Timber plantation licenses on Mentawai cancelled
First, civil organisations had to stave off palm oil plantations. Now they’ve staved off timber plantations.
A few weeks ago, the Rainforest Foundation Norway wrote about the company Biomas Andalan Energi.
The company had originally obtained an initial permit over 200 km2 of tropical rainforest and indigenous lands in Siberut, in the Mentawai islands in Indonesia. Biomas planned to build timber plantations in the area, but the Indonesian authorities have now cancelled the licenses.
Problems with environmental assessments
In order to start its operations and open the forest to create plantations, the company needed to get its environmental impact assessment for the plantation area approved by the government.
- The Mentawai islands are an archipelago 150 km from the west coast of Sumatra
- Has 70.000 inhabitants, most of which are indigenous Mentawai people
- Siberut is the most forested of all the Mentawai islands, with parts of it being protected by the UNESCO Biosphere Siberut National Park
- There are still many Mentawai people living traditionally, in a semi-nomadic way and as hunters and gatherers. Their lives are very dependent on the forest
When the authorities assessed the company’s environmental impact assessment, they saw some conflicting views on the use of the land. While the central government see these lands as leasable to companies for exploitation, the district government of the Mentawai see them as prone to indigenous lands where floods can occur if the forest is destroyed.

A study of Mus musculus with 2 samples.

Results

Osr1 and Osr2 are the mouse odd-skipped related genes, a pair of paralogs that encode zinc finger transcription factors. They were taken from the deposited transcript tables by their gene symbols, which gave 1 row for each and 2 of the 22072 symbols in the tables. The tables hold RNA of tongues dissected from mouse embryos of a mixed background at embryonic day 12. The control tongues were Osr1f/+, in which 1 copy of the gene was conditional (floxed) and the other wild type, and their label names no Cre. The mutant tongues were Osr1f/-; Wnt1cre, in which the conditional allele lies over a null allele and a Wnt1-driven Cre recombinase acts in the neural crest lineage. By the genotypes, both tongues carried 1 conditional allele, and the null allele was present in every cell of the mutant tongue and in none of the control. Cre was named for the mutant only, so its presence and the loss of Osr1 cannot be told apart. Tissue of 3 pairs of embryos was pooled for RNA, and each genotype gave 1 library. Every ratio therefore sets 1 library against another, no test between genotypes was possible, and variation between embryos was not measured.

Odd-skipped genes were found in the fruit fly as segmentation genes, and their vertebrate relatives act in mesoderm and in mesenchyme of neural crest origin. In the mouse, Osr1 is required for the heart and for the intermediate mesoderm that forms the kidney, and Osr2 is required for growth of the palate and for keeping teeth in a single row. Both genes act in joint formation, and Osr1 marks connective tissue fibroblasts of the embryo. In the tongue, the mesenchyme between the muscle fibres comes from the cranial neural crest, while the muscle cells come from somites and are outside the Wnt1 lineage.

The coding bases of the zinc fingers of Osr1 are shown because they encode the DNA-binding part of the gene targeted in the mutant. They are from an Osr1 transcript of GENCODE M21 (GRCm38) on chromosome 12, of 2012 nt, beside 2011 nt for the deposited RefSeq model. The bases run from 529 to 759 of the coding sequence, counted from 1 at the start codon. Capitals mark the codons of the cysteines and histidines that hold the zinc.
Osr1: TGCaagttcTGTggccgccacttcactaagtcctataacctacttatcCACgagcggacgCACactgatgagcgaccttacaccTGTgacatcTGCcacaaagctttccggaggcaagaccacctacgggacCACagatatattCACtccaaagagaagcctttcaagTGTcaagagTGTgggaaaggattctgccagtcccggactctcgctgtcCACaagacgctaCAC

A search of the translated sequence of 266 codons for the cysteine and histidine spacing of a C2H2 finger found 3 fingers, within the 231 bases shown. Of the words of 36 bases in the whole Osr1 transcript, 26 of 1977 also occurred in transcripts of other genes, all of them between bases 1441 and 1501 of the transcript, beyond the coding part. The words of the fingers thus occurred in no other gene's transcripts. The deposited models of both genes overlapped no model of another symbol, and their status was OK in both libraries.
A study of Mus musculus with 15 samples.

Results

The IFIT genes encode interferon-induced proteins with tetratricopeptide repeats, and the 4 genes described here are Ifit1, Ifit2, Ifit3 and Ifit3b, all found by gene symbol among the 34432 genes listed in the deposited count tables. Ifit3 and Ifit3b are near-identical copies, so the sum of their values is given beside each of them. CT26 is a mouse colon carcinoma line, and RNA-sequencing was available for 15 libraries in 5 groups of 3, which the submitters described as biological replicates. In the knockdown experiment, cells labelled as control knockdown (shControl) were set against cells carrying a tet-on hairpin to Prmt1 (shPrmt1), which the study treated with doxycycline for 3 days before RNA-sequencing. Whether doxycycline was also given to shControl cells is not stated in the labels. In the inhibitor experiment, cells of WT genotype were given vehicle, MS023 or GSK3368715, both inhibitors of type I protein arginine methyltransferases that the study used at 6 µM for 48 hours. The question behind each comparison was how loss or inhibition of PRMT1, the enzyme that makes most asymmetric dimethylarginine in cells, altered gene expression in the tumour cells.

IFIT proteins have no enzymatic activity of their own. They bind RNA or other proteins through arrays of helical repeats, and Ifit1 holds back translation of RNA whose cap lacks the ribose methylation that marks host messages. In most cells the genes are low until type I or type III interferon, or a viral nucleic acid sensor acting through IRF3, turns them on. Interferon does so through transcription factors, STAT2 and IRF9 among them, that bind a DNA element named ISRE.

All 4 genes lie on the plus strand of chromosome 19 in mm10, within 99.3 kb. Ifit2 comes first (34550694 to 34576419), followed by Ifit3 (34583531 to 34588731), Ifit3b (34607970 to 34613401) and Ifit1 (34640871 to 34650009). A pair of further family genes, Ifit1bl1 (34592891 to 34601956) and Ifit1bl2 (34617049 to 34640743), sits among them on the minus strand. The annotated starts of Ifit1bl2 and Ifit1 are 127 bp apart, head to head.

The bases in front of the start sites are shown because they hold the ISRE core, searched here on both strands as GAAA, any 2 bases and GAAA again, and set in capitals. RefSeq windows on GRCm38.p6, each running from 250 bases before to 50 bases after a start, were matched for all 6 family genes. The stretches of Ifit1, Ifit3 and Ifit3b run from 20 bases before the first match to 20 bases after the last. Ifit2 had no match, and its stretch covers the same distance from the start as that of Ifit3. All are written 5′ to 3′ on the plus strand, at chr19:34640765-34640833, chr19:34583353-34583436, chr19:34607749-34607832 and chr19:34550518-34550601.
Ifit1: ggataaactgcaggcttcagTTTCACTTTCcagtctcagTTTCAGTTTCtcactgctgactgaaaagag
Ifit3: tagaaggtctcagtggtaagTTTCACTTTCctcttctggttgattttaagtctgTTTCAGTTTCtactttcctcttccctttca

Yayasan Citra Mandiri Mentawai, RFN’s long lasting partner organisation, persuaded the authorities and members of academia assessing the timber company’s Environmental Impact Assessment that this land was not prone for exploitation, after convincing the Mentawai Regent to send a letter to the Ministry of Environment and Forestry to reject the plans.
In addition to this, Mentawai students held demonstrations in Padang where they showed their will not to accept the destruction of their forests and lease out their ancestral lands.
As a result, the commission in place rejected the environmental impact assessment of the company. By the time this decision was made, the company’s initial permit had expired. It was therefore impossible for them to obtain the necessary permits to start operating.
– This is a great success for the forests and people of Siberut. They managed to stop an industrial plantation plan before it started, while there was still a chance of stopping the license process, says Lorelou Desjardins of the Rainforest Foundation Norway.
Rifai Lubis, Director of YCCM, says:
– YCMM had a major role in inhibiting the process of preparing this EIA. We were able to persuade the different authorities to jointly reject the plantation plans, and we continue an intense communication with provincial government officials. The Mentawai students were also of great help to show the Mentawai people’s will to defend their islands from company exploitation.
The petition started by YCMM to protect the Mentawai islands from timber plantations was also a broad success, with 135.034 signatures collected to this day.
This shows national but also international support for the rights of the Mentawai people to protect their islands against exploitation.